The US corporation 3M has agreed to pay $9.6 million to settle its potential liability for a probe by the Treasury Department into sales to an Iranian entity controlled by the Islamic Republic’s police force.
Over a period of two years a 3M subsidiary based in Switzerland sold reflective license plate sheeting to Bonyad Taavon Naja, a sanctioned entity controlled by the Law Enforcement Forces, Treasury’s Office of Foreign Assets Control (OFAC) said on September 21.
The sales occurred between September 2016 and September 2018, even after staff had pointed out potential issues, the statement said, adding that 3M came forward to disclose the conduct and cooperated throughout the investigation.
3M also fired several employees and cut off a Germany-based intermediary involved in the sales.
The settlement covers 54 alleged violations of sanctions placed on the Islamic Republic, OFAC said, adding that the transactions covered by the alleged violations were valued at around $10 million.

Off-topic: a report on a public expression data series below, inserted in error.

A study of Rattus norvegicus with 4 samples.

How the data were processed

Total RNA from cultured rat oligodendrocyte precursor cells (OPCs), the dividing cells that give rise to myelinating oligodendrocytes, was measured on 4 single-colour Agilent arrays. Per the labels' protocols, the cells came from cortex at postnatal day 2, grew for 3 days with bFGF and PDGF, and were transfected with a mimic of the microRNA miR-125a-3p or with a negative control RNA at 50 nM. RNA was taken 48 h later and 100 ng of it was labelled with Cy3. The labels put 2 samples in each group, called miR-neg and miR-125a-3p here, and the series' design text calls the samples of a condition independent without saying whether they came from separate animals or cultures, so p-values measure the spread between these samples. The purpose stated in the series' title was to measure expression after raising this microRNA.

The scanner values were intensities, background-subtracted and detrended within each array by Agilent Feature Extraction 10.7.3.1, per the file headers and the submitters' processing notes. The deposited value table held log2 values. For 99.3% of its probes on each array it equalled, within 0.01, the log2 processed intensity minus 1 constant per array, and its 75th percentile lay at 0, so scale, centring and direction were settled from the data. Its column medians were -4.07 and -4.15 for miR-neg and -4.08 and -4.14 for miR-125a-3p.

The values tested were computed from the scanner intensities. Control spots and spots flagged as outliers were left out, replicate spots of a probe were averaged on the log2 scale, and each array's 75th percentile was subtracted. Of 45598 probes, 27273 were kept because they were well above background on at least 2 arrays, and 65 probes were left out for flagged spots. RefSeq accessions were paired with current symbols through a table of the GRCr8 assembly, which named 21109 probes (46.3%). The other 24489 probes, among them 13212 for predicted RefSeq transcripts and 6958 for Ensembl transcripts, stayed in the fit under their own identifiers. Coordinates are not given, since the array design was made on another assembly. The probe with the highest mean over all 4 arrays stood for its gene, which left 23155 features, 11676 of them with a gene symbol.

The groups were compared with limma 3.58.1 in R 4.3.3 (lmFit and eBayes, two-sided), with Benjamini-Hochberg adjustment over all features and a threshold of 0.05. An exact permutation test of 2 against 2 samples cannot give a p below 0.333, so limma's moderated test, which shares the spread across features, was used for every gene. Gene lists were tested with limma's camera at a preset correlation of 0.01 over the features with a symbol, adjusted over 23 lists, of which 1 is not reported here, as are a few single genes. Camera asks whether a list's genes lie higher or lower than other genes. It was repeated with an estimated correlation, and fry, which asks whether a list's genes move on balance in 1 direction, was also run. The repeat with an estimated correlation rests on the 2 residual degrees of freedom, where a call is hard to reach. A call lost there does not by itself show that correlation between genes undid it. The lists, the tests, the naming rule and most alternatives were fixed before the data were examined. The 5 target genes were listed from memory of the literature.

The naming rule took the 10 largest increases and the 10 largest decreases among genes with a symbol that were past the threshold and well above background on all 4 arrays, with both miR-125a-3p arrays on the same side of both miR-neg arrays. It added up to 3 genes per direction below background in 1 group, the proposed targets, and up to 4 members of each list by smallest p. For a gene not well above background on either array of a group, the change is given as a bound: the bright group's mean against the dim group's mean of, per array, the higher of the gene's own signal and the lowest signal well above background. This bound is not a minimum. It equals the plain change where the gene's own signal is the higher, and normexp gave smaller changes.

3M said that the company in 2019 determined several employees had committed these violations, and that it promptly disclosed the matter to the government and disclosed it in filings with the US Securities and Exchange Commission (SEC).
After conducting a probe, it “took appropriate corrective actions, including personnel actions and policy changes for future compliance,” the company said.
Last month, 3M agreed to pay $6.5 million to settle an SEC probe after a China-based subsidiary allegedly violated Foreign Corrupt Practices Act by paying nearly $1 million to take Chinese healthcare officials on tourist excursions in a bid to “improperly induce the Officials to purchase” the company’s products.
Minnesota-headquartered 3M manufactures a wide range of products, including abrasives, adhesive tape and related products, as well as consumer-electronics components.